For all the grueling training hours Nicole Chapko has spent in the pool, it was the most mundane of movements that threatened her swimming career.
In June 2011, Chapko was riding a coach bus to a swim meet in Nashville, Tenn., with her St. Charles Swimming Club teammates. She was heading toward the front of the bus to hand one of her coaches a DVD. Chapko isn’t sure what caused her to lose her balance, but she lurched awkwardly, and her kneecap popped out of socket.
“I tell people, and they laugh and say ‘Sorry I’m laughing’ because it seems like such a weird way to dislocate your knee,” Chapko said. “But I guess it happens.”
For Chapko, the injury proved no laughing matter. Although it led to a junior year regression, Chapko did not allow the setback to derail her long term. The Michigan State recruit enjoyed a strong senior season for St. Charles East that included a pair of top-10 individual finishes in the IHSA state meet, commanding Kane County Chronicle Girls Swimmer of the Year honors.
“You think what if this didn’t happen, where would I have been now,” Chapko said of her thought process in the aftermath of her knee injury. “That kind of ran through my mind a lot, but I think this injury just made me stronger mentally because I knew if I can get through this, I can get through any minor setback.”
That theory was put to the test this season. Chapko suffered a fractured foot in mid-August, but she was mostly able to swim through it. East coach Joe Cabel calls Chapko – who earned academic All-America status last year – “extremely easy going,” even in the face of adversity.
“She’s unflappable. I’ve only seen her cry once, and that was when her kneecap was over on the side of her leg,” Cabel said. “She enjoys the sport. She’s very dedicated, not only in the water but out of water. She takes care of herself. She deserves All-American status.”
After qualifying for the IHSA Girls Swimming and Diving State events in individual events as a freshman and sophomore, Chapko had to settle for relay participation as a junior because of how backlogged her training and conditioning became after the dislocated kneecap.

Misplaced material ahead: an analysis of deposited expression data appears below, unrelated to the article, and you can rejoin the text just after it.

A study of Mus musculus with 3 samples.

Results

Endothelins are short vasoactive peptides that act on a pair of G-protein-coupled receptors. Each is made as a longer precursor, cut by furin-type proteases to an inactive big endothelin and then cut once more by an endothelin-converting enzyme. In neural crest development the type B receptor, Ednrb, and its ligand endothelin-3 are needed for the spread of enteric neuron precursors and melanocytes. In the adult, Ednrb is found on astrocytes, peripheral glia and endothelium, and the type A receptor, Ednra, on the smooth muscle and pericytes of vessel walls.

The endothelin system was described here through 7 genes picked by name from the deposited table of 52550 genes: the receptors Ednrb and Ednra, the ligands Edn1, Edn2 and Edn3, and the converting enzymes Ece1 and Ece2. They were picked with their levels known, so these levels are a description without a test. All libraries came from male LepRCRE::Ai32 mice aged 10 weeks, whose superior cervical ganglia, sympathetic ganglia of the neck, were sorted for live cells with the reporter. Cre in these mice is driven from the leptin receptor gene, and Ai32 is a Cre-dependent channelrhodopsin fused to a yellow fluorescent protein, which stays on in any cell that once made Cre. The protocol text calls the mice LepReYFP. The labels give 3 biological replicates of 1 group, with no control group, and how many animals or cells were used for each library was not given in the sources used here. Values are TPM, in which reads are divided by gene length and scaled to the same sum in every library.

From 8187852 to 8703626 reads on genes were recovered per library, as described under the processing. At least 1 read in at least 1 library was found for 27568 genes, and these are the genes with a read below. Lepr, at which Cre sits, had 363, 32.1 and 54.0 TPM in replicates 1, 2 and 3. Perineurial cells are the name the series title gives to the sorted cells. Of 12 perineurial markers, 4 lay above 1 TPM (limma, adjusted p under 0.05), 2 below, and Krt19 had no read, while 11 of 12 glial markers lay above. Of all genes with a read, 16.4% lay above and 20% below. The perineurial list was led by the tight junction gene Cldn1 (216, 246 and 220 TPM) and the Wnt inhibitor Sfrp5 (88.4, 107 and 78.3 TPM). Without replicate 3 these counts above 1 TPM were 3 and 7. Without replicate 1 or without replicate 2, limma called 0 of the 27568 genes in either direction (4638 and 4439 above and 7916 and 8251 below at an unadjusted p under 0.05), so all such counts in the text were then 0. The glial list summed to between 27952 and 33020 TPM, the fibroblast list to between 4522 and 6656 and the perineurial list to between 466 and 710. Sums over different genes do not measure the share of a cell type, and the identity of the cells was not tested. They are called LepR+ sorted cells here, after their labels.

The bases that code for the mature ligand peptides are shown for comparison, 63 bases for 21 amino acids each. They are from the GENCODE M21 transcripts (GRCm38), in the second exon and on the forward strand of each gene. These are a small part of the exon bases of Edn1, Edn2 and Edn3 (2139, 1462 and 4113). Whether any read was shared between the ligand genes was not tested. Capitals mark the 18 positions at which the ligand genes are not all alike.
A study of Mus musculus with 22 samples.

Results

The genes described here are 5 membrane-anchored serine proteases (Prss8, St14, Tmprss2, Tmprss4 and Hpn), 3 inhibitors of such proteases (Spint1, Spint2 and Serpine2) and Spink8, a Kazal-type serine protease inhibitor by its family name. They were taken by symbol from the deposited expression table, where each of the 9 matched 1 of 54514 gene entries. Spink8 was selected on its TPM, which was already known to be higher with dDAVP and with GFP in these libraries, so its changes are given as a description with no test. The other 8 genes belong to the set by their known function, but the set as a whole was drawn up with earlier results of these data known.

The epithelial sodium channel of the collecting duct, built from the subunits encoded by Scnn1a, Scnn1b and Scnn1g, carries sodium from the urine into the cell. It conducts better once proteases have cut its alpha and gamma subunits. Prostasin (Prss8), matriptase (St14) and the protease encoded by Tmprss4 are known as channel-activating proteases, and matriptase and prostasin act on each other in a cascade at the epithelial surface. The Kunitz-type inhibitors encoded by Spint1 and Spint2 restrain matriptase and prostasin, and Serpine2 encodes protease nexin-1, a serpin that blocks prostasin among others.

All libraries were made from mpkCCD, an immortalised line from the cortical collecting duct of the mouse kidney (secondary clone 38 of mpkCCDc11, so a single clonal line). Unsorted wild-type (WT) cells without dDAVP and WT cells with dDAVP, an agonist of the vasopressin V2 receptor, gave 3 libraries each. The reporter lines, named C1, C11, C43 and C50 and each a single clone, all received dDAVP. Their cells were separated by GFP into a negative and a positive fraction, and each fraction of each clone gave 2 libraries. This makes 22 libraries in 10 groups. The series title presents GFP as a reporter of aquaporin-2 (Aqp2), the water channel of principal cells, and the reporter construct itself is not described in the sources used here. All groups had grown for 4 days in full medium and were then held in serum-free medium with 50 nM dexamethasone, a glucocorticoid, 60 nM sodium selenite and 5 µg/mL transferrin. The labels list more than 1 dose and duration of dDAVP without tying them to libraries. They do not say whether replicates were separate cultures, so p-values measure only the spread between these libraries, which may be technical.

This season, Chapko qualified for the state meet in four events, including the 100-yard breaststroke, in which she placed sixth. Chapko also came in ninth in the 200 IM, and swam with the Saints’ 400 freestyle and 200 freestyle relays (though, much to her chagrin, she disqualified the 200 freestyle relay team after leaving early).
Chapko’s 100 breaststroke prowess was tested repeatedly throughout the season by teammate Shea Hoyt. Hoyt and Chapko finished in a virtual dead heat for first place at the St. Charles North Sectional, and Hoyt’s final-day time in the 100 breaststroke at the state meet was actually slightly faster than Chapko’s 1:04.62, but Hoyt could place no better than seventh since she had slotted into the consolation heat the day before.
Chapko formed a quick friendship with Hoyt, who moved to town from the Atlanta area last year.
“We knew how to push each other and race each other, and we both would swim really great when we’d race each other,” Chapko said. “We’re friends outside of the pool and know how to push each other inside the pool.”
Chapko planned to leave today for a Junior Nationals Meet this week at the University of Tennessee.
She chose Michigan State as her college destination over Connecticut and West Virginia, partially as a nod to her parents’ Michigan upbringing.
Cabel expects Chapko to become a productive Spartan, suggesting her senior year success with the Saints is a prelude to bigger things.
“She just got a little bit better every month,” Cabel said. “I think she had a pretty good state meet, and I think there’s a little left in her. We left a little left in her for Michigan State.”